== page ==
Although buy-and-hold AAPL longs saw a solid return, many other investors got the shaft.

NEW YORK (TheStreet) -- Yes, Apple (NASDAQ:AAPL) stock is up roughly 26% year to date, but not every Apple shareholder had the same experience in 2012.

You can say that about most stocks. No doubt. The timing of your buys and sells dictates how much of a time period's gain or loss you realize. If you bought and sold at the right times, you could have made significant profits on even a beaten-down name such as Pandora (NYSE:P) as it got whacked around for myriad reasons, including Apple radio rumors.

So a year-to-date gain or loss doesn't say much about individual positions.

In Apple's case, the stock may be up 26% year to date, but it's down 9% over the last month, 26% over the last three months and 11% over the last six months.

If you bought at the beginning of the year, you're up 26%. If you bought in middle or end of September, you're down by that much. However, if you bought at the beginning of the year and sold at the top in September ($705.07), you banked a whopping 71% profit.

Sometimes you need to see the numbers to put a stock, particularly a closely followed and volatile one like AAPL, in the proper context.

For some longs who bought in 2012, this has been an amazing year. For others, not so much. And that's really the biggest stock market-related tragedy of 2012.

It's tragic because AAPL crashes and -- the media loves saying this -- "enters bear market territory" from time to time for all the wrong reasons. It's the perfect example of the emotional inanity that rules the stock market. That makes it a place people fear. And that's too bad because, even in this circus, there's money to be made in equities. In fact, all else being equal, there's no better place to park your cash if you have discipline and a long-term time horizon.

AAPL should be the stock that you could have held throughout 2012 and never worried about. If you did hold, you made money. Yes, that's true. But many investors certainly experienced anxiety as this thing bounced around.

If you decided to buy as AAPL was surging, you absolutely should not be down 26% today. No way. Flat maybe. Biding your time in the high $600s would be acceptable, but faced with the reality of dropping below $500 a share, that's tragic.

The following three stories take you through what a joke the last part of the year has been:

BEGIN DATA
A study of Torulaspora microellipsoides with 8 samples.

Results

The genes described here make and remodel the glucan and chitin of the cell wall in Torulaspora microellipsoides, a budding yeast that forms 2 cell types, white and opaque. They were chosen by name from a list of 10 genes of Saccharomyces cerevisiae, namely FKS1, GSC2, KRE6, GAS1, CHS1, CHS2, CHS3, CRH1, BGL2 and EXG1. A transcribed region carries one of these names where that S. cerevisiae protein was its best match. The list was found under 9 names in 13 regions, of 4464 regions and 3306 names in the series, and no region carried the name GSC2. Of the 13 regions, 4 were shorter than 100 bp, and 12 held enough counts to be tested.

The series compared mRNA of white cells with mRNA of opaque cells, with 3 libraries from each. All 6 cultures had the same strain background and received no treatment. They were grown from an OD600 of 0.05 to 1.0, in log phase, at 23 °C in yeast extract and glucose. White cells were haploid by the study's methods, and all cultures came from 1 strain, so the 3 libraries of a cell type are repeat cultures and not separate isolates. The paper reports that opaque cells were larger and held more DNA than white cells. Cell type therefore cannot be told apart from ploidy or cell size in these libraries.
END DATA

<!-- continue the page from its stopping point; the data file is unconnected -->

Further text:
"Apple Selloff About A Year Too Soon"

"Investor Alert: Wall Street Analysts Screwing You on Apple"

"Apple Analysts Should Be Ashamed of Themselves This Morning"

What started as little more than capital gains tax-related selling snowballed, thanks to a financial media searching for answers and looking to the wrong people -- Wall Street analysts -- for them.

A few of these guys took the long-term cautious/bearish AAPL case I had been writing about since Steve Jobs died and bastardized it. They applied it to the here and now -- a period without credible challenges to Apple's dominance -- instead of telling it like it is: Apple is selling iPad minis like hot cakes. Apple, according to Kantar Worldpanel Com Tech, owns 53.3% of the domestic smartphone market over the most recent 12 weeks. That tells somebody who reads at the third grade-level that the iPhone 5 rules over an Android operating system spread across hardware makers. Even Apple's missteps turn positive. As Technology Tell reports, since the Google (NASDAQ:GOOG) Maps app launched for iOS 6, adoption of Apple's mobile operating system has increased 29%.

You absolutely should be concerned that the culture at Apple has eroded and will continue to do so post-Steve Jobs. That some of the cracks we've seen this year mean something. But, again, it's too soon to do anything about it, particularly sell or not buy AAPL stock. That's all perfect-world stuff though.

Sadly, we live in a world where Wall Street analysts dominate the conversation. They took reasonable, tax-associated profit-taking and turned it into 2012's most irrational stock market tragedy.

Down with these guys.

Follow @rocco_thestreet

-- Written by Rocco Pendola in Santa Monica, Calif.